Through years of experimentation - see-sawing from frustrated despair to elation with

each kiln firing - I had concocted my own method of majolica glazing on pottery. I had

financed a study trip to Japan and had not applied for a grant in 15 years of majolica

practice. By 1990 I had reached a plateau in my work. I needed to get more technical

expertise. Going on without improving the technical aspect would cramp the creative

aspect of my work. The recession meant I had the time, but not the money, to go to


In 1992 the Visual Arts/Craft Board of the Australia Council approved an application by

myself and Leigh Copeland for a study grant to work at established majolica studios in

Deruta, Italy. Deruta is a village in Umbria where majolica has been produced for 700


Last year Leigh and I and our nine year old son Rafiq spent 2 months in Deruta. Living in

a foreign country you live more intensely than at home - the senses are all on alert. With

no mind numbing radio or television you tend to reel off reams of diary entries and letters

to longsuffering friends. A few quotes indicate that the emotional see-saw did not even

out in Deruta, but that eventually I succeeded in jumping off the plateau and flying. I hope

my experience might encourage more craftspeople to look to the Australia Council for

help to further their development:

“The dining room looks of the house has a completely over-the-top 'Franco Cozzo' dining

suite with sideboard with gilt curlicues, mirror and travertine top. That is my studio. I

work on the oval travertine table - with the doors on to the balcony open - listening to the

wind in the pines. No radio, no telly, no phone". (letter 13/4/93)

"I just had to plunge into doing 4 plates he had dipped for me. I got one of his books from

the desk - flipped through and found a platter with a man's head and Memento Mei on it. I

copied it from the book straight on to the platter - the other decorators all seemed

impressed - they use cartoons. I worked solidly to 7.30 pm. They were still working,

talking volubly and smoking when we left". (Diary 6/4/93. First day at work)

"Got up late - really aching all over from standing on terrazzo floor for 2 days decorating

platters. Of course Marcello arrived at 9.30am it was obvious I had slept in. He says I

should go and talk to the artist in the shop next door. They sure work hard! I am expected

to be up early, to socialise, etc. etc. I spent all afternoon doing a platter of the Creazione. I

will need to rest on the seventh day!" (13/4/93)

"Back to studio - MM smoking furiously kiln still cooling. Finally got my pots out and

my heart sank - we had mixed up green and manganese. (They are both dark

powders) every place I had done green was now a khaki brown - the Creazione is now

ruined by my colour mix-up. All my exhausting work wasted". (1/4/93)

"MM grabbed a pot of tar and a brush and covered the castle platter with tar (I

thought Oh well! another one lost!) He desperately rubbed it with turps - soaked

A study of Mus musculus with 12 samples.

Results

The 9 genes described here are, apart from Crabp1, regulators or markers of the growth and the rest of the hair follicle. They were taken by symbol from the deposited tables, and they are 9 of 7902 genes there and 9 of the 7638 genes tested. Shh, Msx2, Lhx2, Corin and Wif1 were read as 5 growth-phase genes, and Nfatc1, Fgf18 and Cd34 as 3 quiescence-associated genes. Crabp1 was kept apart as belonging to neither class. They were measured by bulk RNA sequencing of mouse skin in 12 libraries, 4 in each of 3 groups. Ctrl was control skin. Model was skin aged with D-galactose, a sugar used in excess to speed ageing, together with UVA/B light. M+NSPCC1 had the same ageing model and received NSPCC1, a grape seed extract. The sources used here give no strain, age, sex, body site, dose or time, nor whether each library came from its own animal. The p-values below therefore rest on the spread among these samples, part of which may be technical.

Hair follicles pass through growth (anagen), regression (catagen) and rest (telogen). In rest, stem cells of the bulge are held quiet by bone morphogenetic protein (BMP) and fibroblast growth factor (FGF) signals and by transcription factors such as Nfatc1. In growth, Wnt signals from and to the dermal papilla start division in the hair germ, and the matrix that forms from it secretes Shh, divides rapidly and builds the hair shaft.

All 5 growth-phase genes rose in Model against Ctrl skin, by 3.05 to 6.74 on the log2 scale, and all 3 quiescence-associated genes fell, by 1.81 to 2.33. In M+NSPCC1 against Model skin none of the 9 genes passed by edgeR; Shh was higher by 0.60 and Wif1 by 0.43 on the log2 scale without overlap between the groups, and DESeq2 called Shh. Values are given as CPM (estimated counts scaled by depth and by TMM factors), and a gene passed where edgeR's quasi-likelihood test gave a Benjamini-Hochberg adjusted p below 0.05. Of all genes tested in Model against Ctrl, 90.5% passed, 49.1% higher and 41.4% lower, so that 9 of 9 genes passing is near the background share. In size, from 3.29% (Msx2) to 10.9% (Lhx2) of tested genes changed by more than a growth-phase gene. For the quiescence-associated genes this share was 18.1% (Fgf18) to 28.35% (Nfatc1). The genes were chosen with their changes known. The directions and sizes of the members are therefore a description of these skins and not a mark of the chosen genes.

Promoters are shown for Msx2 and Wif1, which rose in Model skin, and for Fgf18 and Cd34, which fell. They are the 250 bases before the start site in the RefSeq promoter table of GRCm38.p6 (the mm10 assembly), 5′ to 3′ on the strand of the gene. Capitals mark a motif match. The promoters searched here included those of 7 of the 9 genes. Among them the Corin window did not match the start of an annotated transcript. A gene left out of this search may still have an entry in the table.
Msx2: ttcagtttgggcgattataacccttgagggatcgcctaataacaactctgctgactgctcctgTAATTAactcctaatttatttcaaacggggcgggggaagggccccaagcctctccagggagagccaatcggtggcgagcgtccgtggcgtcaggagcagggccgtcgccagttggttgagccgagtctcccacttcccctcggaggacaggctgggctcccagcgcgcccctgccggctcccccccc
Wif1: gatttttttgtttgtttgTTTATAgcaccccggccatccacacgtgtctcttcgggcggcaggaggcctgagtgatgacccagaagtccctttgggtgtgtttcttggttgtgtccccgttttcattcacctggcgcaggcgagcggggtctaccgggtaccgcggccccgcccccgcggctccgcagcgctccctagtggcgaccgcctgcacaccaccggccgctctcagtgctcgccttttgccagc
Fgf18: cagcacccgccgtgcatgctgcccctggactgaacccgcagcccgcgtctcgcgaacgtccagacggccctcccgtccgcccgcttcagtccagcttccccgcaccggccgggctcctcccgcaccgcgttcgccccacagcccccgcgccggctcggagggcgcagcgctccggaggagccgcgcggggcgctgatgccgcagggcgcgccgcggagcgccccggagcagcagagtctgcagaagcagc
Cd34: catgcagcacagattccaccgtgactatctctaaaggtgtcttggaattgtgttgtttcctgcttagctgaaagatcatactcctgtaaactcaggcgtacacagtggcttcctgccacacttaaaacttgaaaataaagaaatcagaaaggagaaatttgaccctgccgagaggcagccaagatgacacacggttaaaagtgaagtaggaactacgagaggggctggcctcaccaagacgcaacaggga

newspaper - rubbed it with sandpaper, and generally mangled it - while explaining how to

make a fake antique". (24/4/93)

"Running nose, sneezing, sore throat, headaches, etc. Came to end of crisis about

platters. Decided just to work on small ones for a while and push the glazes to their

utmost - and get to know them and see what they can do". (27/4/93)

“ ...They are all fab. The yellow I mixed with orange makes a huge difference. The

yellow they use is unbearably horrible and mucks up all the other colours. The little

plates in this kiln were all experiments with different colour combinations and thicker

glaze laid on more heavily. All look good. I gloated over my first lot of little successes...

All of a sudden I am not depressed. I am about to go into a frenzy of work - try to get

some good ones done before we go on our tattie to Florence. (6/5/93) "I'm feeling

exhausted and fed up. Should be glad to be so productive - but I just feel like a weary

slave again. I can't get time to read, and have no-one to talk ro. No radio.

No telly. No phone". (15/5/93)

"Drank young green spritzig wine. MM harangued me for hours about how we could

make more money by doing production line versions of my work... The general

underlying message: - cut the artistic crap. He says I am the only person in Deruta who

can do a medieval jug in five minutes. (Little does he know that even I can't do a

medieval jug in five minutes!' (23/5/93)

"I finished the border on MM's platter and worked all day on a similar one for the museum

Poor Leigh was packing all day... The sky over the Tiber valley was all in shades of pink

and delicate blue - a fitting end to our stay in Deruta - far away in the distance a field of

poppies glowed like coals in the pink and blue light". (26/5/93)

Thanks to the generosity of the Australia Council and the people of Deruta the trip was

more successful than I had hoped for. Improved technical skills, fresh stimulation and a

new outlook will fuel me for many years to come.



A Sojourn in Italy


[Published Craft Victoria, April, 1994.]